One of the cool iphone apps I use for astronomy is Starmap Pro which includes a great “find comets” feature. Ironically, the brightest one coming up was also the very same one that was mentioned recently in Astronomy magazine as “passing near M15″ and was pretty bright – magnitude 8!

M15 and Comet Garradd

M15 and Comet Garradd

Processing comet images can be a challenge. In particular, comets move fast! Well, they move fast with respect to the background stars. This creates challenges for “stacking” images because it will cause either the comet to streak or the stars to “streak”. There are a few choices:

  • No stacking / single frame. Usually this will limit exposures to about 2 minutes. It will make it hard to get much of a tail and hard to put anything other than stars as background, but can still produce pretty nice images. For best results, you’re going to want to have your camera tracking via polar alignment. If you’re not able to track, short focal lengths or alt-az tracking will also let you take images in the 30-60 sec range which might be enough to catch some detail.
  • Autoguiding on a star/background object. If you have long exposures (again around 2 minutes for most comets), you’re going to have the comet itself turn into a big streak. This will look neat, but probably isn’t what you want. The background of course will be easily stackable and look nice. In fact, this is how many comets and/or asteroids are discovered: they show up as short streaks in long exposure images.
  • Autoguiding on the comet. This produces fabulous comet images if it is bright enough for your autoguider to see. Sometimes I find that binning 2×2 and using longer guiding exposures here helps (5 sec!) for the guide cam to show the comet. Even though this will streak the background, you can take very long exposures of the comet.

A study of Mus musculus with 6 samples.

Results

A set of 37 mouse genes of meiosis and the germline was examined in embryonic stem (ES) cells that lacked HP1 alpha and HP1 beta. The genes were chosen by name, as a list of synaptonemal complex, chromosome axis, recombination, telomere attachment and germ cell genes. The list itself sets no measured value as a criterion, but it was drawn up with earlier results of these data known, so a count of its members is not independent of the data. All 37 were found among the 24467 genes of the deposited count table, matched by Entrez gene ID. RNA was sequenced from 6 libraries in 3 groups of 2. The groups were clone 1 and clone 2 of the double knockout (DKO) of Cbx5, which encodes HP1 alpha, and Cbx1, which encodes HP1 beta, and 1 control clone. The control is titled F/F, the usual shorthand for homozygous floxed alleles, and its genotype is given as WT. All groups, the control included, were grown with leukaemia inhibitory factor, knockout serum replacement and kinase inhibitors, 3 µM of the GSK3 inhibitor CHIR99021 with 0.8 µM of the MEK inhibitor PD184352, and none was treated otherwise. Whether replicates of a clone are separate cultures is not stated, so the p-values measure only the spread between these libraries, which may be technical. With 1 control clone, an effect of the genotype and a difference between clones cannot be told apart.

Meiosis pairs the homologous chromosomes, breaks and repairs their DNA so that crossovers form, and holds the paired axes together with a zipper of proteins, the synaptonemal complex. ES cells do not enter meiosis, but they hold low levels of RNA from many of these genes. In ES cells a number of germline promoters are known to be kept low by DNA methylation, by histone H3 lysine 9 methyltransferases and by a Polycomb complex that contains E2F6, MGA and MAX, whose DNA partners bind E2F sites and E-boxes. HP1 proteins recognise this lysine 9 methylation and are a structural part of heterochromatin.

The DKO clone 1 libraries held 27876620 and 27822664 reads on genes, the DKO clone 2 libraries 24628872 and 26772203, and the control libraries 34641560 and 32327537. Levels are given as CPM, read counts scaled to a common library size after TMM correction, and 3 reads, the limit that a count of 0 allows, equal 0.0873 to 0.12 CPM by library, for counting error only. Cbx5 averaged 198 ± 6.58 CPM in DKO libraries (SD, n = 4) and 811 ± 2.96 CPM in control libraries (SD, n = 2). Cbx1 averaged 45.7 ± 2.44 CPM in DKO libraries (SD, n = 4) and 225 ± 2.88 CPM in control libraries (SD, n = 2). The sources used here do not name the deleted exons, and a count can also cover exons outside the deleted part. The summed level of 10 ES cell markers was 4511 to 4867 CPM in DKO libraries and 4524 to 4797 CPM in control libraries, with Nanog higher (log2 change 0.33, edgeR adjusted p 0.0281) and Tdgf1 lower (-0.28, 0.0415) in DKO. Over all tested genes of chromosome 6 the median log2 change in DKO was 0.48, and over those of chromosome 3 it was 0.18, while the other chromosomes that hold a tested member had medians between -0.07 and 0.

• Single point stacking on the comet. Take multiple frames, but when you go to stack them in your imaging software, chose the comet as the stacking point. This is has the same streaking effects as autoguiding on the comet, but for comets that you can’t pick up in the autoguider, it’s a good alternative.
  • DeepSkyStacker. This software has a great “comet stacking” which will take into account the movement of the comet against the background stars.

Comet C/2009 Garradd

Comet C/2009 Garradd

For some comparison, the above image is a single 2 minute exposure, while the one to the left is a stack of images with the center point on the comet. Another interesting thing to note is that the direction of the comet (marked on the image!) is not the same way that you’d think it were by the tail. If you recall, the comet tail is created by the solar wind, so it will always point away from the sun. However, this comet is actually moving closer to the sun in it’s elliptical orbit. This creates a bit of an illusion when looking at the image — it almost seems like the comet would be rising to the upper left corner from the tail, but in fact it is moving to the upper right!

What do you think? Which framing do you prefer? What other comet stacking methods do you use?